Raised beds protect plants and can provide easier access; some are self-watering

Raised garden beds for sale at Village Home and Garden in the village of Galway on April 2.

Now that the weather is getting warmer, home gardeners are champing at the bit to get started planting and there’s no hotter ticket than raised beds.

“I can sell these six for sure,” said Dan Sollecito, owner of Galway’s Village Home & Garden about the six galvanized steel raised beds he stocks. “People will buy three of these and stack them out and put lettuce in one, maybe tomatoes in the others. It’s really, really surprising how productive they are.”

A raised bed for those who haven’t used one, is putting some kind of barrier around a planting area that’s inches above the ground level.

That barrier can be anything from a galvanized bottomless oval, such as what Sollecito sells, to cedar planks, bricks, or any polymer or composite material most often put into a rectangular shape. Many raised beds come as kits and for those who want to garden at closer to waist level, have a platform that the box rests on and is filled with garden soil.

Smaller planters such as half a whisky barrel are also used by many to grow a single large plant such as a tomato as well as round galvanized fire rings and heavy duty landscape fabric filled with soil that involves no construction and stretches to six or eight feet long. 

There are many advantages to using raised beds.

“It’s a less permanent solution than to garden. You’re not digging up the whole yard, especially if you change your mind,” said Keri Medley, one of the growers at Brookside Nursery in Ballston Spa. “It’s simpler and easier to manage a smaller space, especially if it’s at waist height. You’re not down on the ground if you have trouble with your knees. You can control the soil quality and the nutrients you put in.”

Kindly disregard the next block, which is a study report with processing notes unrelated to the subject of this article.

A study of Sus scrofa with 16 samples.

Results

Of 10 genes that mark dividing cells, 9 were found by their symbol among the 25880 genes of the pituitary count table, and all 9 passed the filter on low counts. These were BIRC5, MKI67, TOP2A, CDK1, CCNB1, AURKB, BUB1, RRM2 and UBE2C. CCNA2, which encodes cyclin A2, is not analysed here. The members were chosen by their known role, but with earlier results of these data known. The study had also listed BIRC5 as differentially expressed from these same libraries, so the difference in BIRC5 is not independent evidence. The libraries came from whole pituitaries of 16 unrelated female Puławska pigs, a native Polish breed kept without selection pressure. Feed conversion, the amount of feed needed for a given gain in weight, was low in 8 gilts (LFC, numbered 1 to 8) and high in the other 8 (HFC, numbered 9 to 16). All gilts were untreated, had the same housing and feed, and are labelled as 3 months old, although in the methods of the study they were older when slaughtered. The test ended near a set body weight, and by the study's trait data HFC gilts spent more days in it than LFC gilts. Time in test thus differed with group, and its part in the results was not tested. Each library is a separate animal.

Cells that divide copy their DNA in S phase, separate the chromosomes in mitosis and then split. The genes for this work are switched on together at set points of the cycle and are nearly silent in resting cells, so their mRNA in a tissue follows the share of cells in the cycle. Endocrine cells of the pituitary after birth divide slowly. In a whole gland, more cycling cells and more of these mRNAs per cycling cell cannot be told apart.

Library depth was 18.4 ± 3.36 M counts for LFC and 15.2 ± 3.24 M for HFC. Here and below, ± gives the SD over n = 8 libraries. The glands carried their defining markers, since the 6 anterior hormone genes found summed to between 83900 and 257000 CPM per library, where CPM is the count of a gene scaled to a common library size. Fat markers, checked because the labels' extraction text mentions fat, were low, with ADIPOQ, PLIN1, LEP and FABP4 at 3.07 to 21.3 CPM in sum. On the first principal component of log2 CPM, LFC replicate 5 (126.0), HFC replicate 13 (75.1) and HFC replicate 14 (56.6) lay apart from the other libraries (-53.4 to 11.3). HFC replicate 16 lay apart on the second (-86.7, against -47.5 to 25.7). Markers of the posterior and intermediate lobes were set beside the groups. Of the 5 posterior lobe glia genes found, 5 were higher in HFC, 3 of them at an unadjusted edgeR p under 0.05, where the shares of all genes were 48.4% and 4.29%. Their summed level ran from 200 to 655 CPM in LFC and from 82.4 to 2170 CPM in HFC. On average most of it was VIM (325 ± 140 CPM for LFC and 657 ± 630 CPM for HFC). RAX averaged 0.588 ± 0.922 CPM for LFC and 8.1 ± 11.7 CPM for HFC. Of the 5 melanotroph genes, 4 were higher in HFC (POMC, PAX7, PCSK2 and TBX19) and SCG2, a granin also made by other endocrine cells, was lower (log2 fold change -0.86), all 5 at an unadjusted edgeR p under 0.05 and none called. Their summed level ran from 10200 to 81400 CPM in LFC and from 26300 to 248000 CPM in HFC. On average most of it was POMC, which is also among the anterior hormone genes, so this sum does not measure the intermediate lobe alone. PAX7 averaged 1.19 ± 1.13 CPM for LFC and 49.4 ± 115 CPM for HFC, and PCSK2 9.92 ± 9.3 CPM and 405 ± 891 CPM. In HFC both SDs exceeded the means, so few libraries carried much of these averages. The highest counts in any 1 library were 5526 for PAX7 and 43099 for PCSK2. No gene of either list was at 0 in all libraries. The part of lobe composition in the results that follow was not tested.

Aissa Murray, another grower at the nursery, added that “height can also work against problems with pests or rabbits. And if people have balconies or patios, the raised beds can work well.”

Self-watering

In the last two years, self-watering raised beds have become popular. Rather than being bottomless, these are containers, which have a bottom, where a flat reservoir sits connected to a tube. Instead of watering directly into the soil, water is put into the tube which channels through the reservoir. The plant’s roots then take up the water as needed.

The raised beds are made of the usual materials from plastic to metals and come in varying sizes. Locally, the raised beds average at 24” x 20’” tubs or 24” x 45” rectangles with the larger coming with a platform.

There are many advantages: consistent watering means fewer plant problems such as root rot from too much water or fungus on leaves from water spray; the beds can be put anywhere, especially on patios or balconies; you don’ t have to drag hoses around; and you water less.

All these benefits are something Ian Dufrain of Schuylerville discovered when he began using these self-watering beds.

“I’d been gardening for five years, but when my work schedule became too sporadic, I began with three of the 24” x 20” tubs two years ago. It was also to make it easier on my family to water the plants,” he said. “The tubs were a convenience for everyone.”

He followed the instructions given with the tubs, especially since they advertised to be used on one’s patio, and planted tomatoes, which turned out great, he said. He especially liked that he didn’t have to dig up his backyard and only had to use standard garden soil. He decided to get more tubs.

“I put them on a table in the backyard about knee height and planted blueberry bushes,” Dufrain said. “Those were great for that season but then I discovered mice were growing into the root system.”

Undeterred, he bought another five tubs, which gave him a total of 10 self-watering raised beds.

“I put in more tomatoes and they worked out great, as well as peppers and zucchini. I had a greenhouse then and let them vine out, but a storm blew the greenhouse away,” he said laughing.

To get started for this season, he’s had three tubs in his bedroom and began planting onions, garlic and potatoes.

“This will be the year to experiment,” Dufrain said with a laugh.